Humanities subjects, including art history, classics and archaeology, are continuing to lose favour with undergraduate university students, according to figures released by the UK's Higher Education Statistics Agency (HESA) last week.
The number of UK domicile first year students (first degree) selecting historical and philosophical subjects fell by 5% between 2017-18 and 2018-19, contributing to a 17.5% decline in popularity over the past ten years. Tucked within this category sits art history, which fared a particularly rocky 28.5% drop over the decade.
Between 2017-18 and 2018-19, Languages also fell by 6.2%, whilst creative arts and design saw a 1.5% decline. Conversely, business and administrative Studies saw a 7% growth from last year’s figures, with agriculture and medicine also growing in popularity.
“It is important that we do not lose sight of the humanities which are absorbing and important areas of study and can also lead to excellent career options,” says Geoff Barton, the general secretary of the Association of School and College Leaders.
We live in a country where millions of people visit galleries, but almost no-one studies art history. Matt Lodder, a senior lecturer at the School of Philosophy and Art History, University of Essex
Unease over dwindling numbers for these subjects is not new, in part thanks to the government’s commitment to STEM subjects (that is, science, technology, engineering and maths). Indeed, an attempt by the government in 2016 to remove art history from its A-Level offering was blocked by a high-profile campaign, which received widespread support from the art world, including the British artists Jeremy Deller and Cornelia Parker.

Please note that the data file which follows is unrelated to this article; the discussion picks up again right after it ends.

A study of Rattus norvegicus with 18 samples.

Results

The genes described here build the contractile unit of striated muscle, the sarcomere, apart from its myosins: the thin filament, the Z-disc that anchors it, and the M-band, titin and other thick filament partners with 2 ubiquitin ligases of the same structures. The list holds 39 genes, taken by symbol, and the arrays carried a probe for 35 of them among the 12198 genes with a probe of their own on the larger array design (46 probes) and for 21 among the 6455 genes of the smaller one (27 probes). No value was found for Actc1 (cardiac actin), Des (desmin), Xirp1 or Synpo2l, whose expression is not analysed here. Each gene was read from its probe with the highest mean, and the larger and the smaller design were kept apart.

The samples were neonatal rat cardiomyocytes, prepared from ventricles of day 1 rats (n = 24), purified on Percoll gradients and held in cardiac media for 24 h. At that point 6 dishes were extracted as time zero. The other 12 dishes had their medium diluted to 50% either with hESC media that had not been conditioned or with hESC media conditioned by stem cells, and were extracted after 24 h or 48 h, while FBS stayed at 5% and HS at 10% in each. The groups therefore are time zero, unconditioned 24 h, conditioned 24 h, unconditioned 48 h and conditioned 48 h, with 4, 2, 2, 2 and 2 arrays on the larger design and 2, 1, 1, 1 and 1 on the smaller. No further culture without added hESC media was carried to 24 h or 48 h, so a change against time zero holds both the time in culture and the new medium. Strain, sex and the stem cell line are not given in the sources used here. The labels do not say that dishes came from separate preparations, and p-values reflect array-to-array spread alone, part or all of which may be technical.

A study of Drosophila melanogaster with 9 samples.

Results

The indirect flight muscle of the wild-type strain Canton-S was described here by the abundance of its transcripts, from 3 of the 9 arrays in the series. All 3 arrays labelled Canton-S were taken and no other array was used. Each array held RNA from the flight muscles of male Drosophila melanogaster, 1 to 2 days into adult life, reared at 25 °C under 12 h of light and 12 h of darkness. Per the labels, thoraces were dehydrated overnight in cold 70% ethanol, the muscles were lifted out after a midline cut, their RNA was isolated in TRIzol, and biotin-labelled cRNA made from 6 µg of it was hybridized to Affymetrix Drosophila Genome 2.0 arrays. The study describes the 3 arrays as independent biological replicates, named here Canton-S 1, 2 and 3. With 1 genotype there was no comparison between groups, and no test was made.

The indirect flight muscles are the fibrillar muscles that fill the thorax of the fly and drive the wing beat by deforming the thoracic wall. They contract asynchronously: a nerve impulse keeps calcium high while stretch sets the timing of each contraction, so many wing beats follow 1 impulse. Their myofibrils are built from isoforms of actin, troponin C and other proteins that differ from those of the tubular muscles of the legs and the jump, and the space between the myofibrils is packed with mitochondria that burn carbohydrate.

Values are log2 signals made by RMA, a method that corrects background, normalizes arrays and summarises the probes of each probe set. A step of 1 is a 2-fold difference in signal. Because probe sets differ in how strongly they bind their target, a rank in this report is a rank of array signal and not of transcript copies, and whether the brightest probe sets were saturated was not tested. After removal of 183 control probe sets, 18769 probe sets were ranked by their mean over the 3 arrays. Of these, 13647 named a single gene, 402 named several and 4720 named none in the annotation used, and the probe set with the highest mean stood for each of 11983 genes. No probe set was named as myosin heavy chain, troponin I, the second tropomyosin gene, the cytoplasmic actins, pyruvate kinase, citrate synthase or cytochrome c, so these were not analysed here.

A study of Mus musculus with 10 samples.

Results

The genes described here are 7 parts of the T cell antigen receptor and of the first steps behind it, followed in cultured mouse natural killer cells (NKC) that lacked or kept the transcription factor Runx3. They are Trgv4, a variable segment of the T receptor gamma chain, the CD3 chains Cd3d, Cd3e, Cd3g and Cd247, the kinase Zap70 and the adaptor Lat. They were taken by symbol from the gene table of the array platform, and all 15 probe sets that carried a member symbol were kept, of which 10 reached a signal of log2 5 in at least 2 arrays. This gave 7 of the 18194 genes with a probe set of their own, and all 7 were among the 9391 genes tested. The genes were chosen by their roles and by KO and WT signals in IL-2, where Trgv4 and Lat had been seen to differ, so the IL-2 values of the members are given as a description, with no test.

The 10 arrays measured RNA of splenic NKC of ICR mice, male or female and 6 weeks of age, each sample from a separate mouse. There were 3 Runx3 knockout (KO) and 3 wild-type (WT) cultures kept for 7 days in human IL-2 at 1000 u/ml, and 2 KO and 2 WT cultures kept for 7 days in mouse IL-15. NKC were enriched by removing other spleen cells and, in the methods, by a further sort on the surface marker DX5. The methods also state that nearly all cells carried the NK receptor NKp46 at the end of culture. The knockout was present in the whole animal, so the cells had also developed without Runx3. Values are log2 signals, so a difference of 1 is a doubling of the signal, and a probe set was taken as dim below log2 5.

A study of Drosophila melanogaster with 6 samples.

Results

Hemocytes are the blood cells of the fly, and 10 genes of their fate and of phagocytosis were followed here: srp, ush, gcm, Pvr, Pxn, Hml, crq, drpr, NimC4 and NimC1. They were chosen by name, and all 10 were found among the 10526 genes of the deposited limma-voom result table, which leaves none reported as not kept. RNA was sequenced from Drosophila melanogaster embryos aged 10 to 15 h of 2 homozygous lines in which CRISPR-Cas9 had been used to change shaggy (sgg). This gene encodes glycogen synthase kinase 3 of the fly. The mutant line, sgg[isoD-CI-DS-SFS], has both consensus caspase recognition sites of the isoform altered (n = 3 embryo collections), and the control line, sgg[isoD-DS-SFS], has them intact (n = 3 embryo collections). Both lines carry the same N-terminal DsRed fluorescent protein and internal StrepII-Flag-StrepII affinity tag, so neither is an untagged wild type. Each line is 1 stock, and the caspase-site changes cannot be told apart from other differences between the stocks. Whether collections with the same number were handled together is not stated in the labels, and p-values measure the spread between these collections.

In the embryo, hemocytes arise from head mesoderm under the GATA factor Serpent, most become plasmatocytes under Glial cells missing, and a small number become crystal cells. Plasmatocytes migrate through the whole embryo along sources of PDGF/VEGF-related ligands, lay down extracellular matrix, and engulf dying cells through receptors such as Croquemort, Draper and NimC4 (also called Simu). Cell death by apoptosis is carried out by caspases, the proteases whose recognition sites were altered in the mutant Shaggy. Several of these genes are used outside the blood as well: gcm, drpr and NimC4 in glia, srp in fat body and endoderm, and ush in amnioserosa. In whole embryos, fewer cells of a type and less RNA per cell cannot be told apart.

A spokesperson from the Department of Education says; “Humanities and creative arts play a major role in the UK socially and culturally and we know these subjects have wider individual and economic benefits.” The department also highlighted the government’s investment of around £500m in music and arts education programmes, between 2016 and 2020.
For some, these measures may not seem enough; “We live in a country where millions of people visit galleries, but almost no-one studies art history. That's got to be seen both as a failure of our cultural education and of museums to explain the intellectual edifice which lies behind their blockbuster shows,” says Matt Lodder, a senior lecturer at the School of Philosophy and Art History, University of Essex. “In this culture of anxiety of ‘employability’, I think we're actually pushing kids to make choices which make them less employable. They're choosing things they think they should study rather than things they want to study, which means they'll have a harder time succeeding.”
Figures for Art History have, however, been more stable over the past five years. Neil Kenney, Languages Lead at the British Academy adds that "it is too early to tell whether this trend is simply statistical fluctuation or a serious long term trend."
UPDATE: This article was updated on 22 January with comment from Neil Kenney.